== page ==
Blood drive challenge coming
STEUBENVILLE — The Jefferson County Chamber of Commerce and the American Red Cross once again are teaming up to ensure area blood donations keep up with demand.
The organizations are sponsoring Tuesday’s Sixth-Annual Corporate Challenge Blood Drive. The event, which is open to the general pubic, will be held from 10:30 a.m. to 4 p.m. at the YWCA, 320 N. Fourth St. Chamber member businesses and their employees are challenged to donate blood, organizers explained.
They added the drive is especially important this time of year, when holiday schedules and bad weather can have a negative effect on donations.
Donors can call (800) RED-CROSS or visit redcrossblood.org to schedule an appointmen, and walk-ins will be welcome.
According to the Red Cross:
¯ More than 41,000 blood donations are needed every day.
¯ The blood used in an emergency is already on the shelves before the event occurs.
¯ More than 1.6 million people were diagnosed with cancer last year. Many of them will need blood, sometimes daily, during their chemotherapy treatment.
¯ A single car accident victim can require as many as 100 pints of blood.
¯ Although an estimated 38 percent of the U.S. population is eligible to donate, less than 10 percent actually does each year.
¯ lood cannot be manufactured — it can only come from donors.
¯ Type O-negative blood (red cells) can be transfused to patients of all blood types. It is always in great demand and often in short supply.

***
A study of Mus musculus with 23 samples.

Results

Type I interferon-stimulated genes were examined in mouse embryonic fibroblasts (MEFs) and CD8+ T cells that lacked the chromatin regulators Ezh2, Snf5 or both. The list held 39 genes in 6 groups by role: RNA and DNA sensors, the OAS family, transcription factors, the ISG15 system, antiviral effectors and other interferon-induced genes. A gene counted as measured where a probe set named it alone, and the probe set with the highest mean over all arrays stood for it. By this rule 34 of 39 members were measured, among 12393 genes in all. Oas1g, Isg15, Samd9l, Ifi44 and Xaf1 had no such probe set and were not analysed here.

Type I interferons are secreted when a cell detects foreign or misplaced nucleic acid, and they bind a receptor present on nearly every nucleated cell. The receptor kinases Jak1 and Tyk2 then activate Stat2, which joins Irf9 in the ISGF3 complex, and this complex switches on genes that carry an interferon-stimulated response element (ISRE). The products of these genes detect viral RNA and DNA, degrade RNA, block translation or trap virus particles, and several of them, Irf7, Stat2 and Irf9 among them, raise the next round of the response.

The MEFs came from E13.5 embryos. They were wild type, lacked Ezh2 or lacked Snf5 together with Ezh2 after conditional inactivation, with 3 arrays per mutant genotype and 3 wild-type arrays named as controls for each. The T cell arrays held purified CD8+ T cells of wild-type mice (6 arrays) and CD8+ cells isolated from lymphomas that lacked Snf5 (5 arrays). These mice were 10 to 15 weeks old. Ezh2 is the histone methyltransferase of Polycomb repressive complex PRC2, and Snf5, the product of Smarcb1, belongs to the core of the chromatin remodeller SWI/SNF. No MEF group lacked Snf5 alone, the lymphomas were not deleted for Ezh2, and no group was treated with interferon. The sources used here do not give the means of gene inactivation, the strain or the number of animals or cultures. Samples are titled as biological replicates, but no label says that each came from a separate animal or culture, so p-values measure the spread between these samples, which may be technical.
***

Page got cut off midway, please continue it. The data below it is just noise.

¯ Donating blood is a safe process. A sterile needle is used only once for each donor and then discarded.
¯ Blood donation is a simple four-step process: Registration, medical history and mini-physical, donation and refreshments.
¯ The actual blood donation typically takes less than 10 to 12 minutes. The entire process, from the time you arrive to the time you leave, takes about an hour and 15 min.
¯ The average adult has about 10 pints of blood in his or her body. Roughly one pint is given during a donation.
¯ A healthy donor may donate red blood cells every 56 days, or double red cells every 112 days.
¯ All donated blood is tested for HIV, hepatitis B and C, syphilis and other infectious diseases before it can be released to hospitals.
¯ One donation can help save the lives of up to three people.
¯ If a person began donating blood at age 17 and donated every 56 days until you reached 76, he or she would have donated 48 gallons of blood, potentially helping save more than 1,000 lives.